They came, they gave everything, but in the end, it just wasn’t enough. When the dust settles on Portugal’s agonising penalty shoot-out defeat to Spain, there will be feelings of pride for a sterling team - and squad - effort against the odds.
For now, though, it is natural enough to entertain a few regrets. Perhaps the biggest will be the folly of the decision to nominate Cristiano Ronaldo as the taker of the fifth penalty that never arrived, a decision will almost certainly haunt all involved for a while to come.
This was as clear as chances come to do what many thought impossible, and depose the European (and world) champions, a team assumed to have already sealed their legacy as one of the greatest to play the game. Portugal pressed Spain with an uncommon vigour, drawing a number of misplaced passes that had the viewer pinching themselves in disbelief.
As the second half unfolded the shock was on, as good chances fell to Portugal. The worthy Hugo Almeida arrowed a couple off target with his hefty left foot before the defining moment came just before the final whistle. As Portugal broke out, a gap opening on the right of Spain’s defence begged Raul Meireles to thread the ball through for the advancing Ronaldo. The Chelsea man’s pass forced his captain to check his run, and he slashed his shot over the top.
It would be stretching the truth to imply that Paulo Bento’s side had a flurry of opportunities, but they had sufficient opportunity to win the game against such illustrious opposition. These chances that came and went eventually defined the difference between a creditable tournament and a glorious one. Sadly, it always seemed that this might be the case.
A dour, destructive side under Carlos Queiroz, Portugal have been transformed under Bento into an attack-minded beast - a philosophy that the coach told journalists he “wouldn’t change for anyone” in the run-up to this semi-final. Portugal hit 37 goals in Bento’s first 13 games in charge, but there was considerable alarm among fans and media back home that the team arrived in Poland winless in 2012, following a run of one goal in three matches.
Over the first few days at their training camp in Opalenica, the players all made the same noises; that the preparation was coming along well, and that the finishing touch was all that was missing. Yet the thrilling win over Denmark and Ronaldo’s explosive display against Netherlands that saw Portugal through a tough group shouldn’t mask the fact that they were generally profligate.
In the final stanza of the defeat with Germany, they passed up a series of presentable opportunities to snare a deserved draw. An amazing series of misses threatened to let Denmark off the hook, and it was a similar story in the quarter-final against Czech Republic before Ronaldo’s late header finally broke through.
Many will point the finger at the skipper; damned after missing a raft of chances against the Danes he would normally bury without a second thought, lauded to the heavens after destroying the Dutch, and no doubt given a few more digs after his team’s exit.
Yet he is simply the most visible culprit rather than the only one. Nani’s lack of a goal was the most disappointing feature of his generally good tournament, Joao Moutinho admitted after the match against the Czechs that he “should score more” and Raul Meireles rarely even got so much as a shot off. Against Spain, Portugal were never going to get enough sights of goal to allow themselves these sort of mistakes.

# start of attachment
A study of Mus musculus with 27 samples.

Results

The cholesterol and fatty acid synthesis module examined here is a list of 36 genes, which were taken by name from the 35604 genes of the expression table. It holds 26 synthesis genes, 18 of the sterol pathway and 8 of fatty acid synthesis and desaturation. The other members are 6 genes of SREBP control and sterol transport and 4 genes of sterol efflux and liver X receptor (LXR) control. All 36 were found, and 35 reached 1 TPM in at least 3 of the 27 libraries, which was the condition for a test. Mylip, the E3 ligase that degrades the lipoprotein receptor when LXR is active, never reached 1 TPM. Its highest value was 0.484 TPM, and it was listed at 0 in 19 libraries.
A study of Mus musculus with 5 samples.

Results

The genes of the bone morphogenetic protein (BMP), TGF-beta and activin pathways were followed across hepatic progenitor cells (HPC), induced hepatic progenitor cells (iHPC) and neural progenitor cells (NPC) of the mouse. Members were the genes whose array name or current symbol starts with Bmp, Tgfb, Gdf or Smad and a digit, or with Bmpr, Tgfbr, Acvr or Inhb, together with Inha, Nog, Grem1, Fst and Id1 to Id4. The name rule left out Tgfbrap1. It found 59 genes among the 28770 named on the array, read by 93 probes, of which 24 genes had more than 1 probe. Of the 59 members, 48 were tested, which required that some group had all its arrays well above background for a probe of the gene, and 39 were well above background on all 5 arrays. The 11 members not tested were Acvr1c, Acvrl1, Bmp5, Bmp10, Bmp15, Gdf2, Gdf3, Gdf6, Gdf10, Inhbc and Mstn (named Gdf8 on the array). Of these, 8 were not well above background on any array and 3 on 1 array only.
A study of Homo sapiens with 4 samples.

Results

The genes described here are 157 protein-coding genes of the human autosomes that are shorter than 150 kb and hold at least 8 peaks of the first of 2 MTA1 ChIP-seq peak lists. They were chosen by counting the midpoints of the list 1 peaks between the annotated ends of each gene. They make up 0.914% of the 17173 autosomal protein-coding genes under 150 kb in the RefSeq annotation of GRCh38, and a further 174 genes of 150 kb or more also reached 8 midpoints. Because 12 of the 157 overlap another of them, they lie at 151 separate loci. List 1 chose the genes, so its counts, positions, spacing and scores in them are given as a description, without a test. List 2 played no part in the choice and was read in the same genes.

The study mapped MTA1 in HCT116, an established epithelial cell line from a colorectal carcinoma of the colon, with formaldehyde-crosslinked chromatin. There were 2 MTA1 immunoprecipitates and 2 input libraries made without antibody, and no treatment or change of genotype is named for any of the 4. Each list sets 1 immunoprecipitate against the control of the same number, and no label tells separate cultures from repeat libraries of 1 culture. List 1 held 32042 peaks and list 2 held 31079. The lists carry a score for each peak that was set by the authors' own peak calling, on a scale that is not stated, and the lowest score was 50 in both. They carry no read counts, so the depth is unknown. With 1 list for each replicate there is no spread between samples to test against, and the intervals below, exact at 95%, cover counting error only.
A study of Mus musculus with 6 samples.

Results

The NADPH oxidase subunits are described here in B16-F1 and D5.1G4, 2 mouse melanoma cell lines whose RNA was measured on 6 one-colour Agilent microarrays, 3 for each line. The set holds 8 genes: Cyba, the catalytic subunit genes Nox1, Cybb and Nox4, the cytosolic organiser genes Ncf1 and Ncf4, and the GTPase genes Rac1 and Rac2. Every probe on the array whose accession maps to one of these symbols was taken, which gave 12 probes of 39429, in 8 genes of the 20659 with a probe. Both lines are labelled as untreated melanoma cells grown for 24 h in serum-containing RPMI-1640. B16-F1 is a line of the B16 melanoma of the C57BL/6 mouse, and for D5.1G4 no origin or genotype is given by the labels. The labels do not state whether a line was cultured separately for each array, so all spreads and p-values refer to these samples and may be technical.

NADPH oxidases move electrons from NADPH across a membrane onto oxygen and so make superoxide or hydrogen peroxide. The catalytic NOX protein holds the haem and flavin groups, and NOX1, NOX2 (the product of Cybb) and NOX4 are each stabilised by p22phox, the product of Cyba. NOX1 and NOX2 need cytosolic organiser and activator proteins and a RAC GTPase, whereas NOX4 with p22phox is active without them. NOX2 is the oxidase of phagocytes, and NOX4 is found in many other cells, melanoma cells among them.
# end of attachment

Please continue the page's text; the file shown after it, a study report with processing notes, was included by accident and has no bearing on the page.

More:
This should not, however, detract from what was generally an excellent Euro for Bento’s men. The coach himself surely deserves the biggest share of plaudits, having inherited a hopeless looking situation in October 2010. Portugal had been on the slide for a while, had scraped qualification for Euro 2008 and World Cup 2010 and the underlying issues in terms of tactics and personnel had gone unaddressed; first by Luiz Felipe Scolari, and then by Queiroz.
When the former Manchester United assistant was fired following a Portuguese Football Federation (FPF) disciplinary hearing relating to his behaviour towards two doping officials in May 2010, Portugal were in a hole. Bento’s new team had gleaned just one point from their opening two Euro 2012 qualifiers in a truncated five-team, eight-game group.
You could easily argue that the uphill task brought the best out of Bento, sometimes chided for his conservatism when in charge of Sporting Clube de Portugal. He said that the aim was for Portugal to win all their remaining games, and they nearly did, before eventually reaching the finals by hammering fancied Bosnia and Herzegovina in a play-off.
The success was in reaching the finals, and little more was expected when Portugal landed in Group B with three previous winners - two tournament favourites and the Seleccao das Quinas’ modern-day bogey side, Denmark. That Portugal continued to flourish in Poland and Ukraine was due to a continuation of Bento’s winning recipe from qualification; simple, easy-to-understand tactics (not a million miles away from the dynamic 4-3-3 employed by Andre Villas-Boas at Porto) and getting the best out of Ronaldo by playing him in his preferred spot on the left. That the Real Madrid goal machine is no longer considered an international disappointment is proof of a job well done and provides optimism for the future.
While Scolari was known for leading his players with a gruff, bear-like demeanour, whipping up a frenzy of flag-waving fervour, Bento is a little more circumspect, but blunt enough in his own way. He has certainly succeeded in forging a formidable spirit that some thought impossible to create in a squad of far-flung, mega-rich stars.
Portugal didn’t expect it to feel this bad, but then again, they didn’t expect to be here in the first place. In time, they may well look back at this near miss as a reference point to propel themselves to greater triumphs.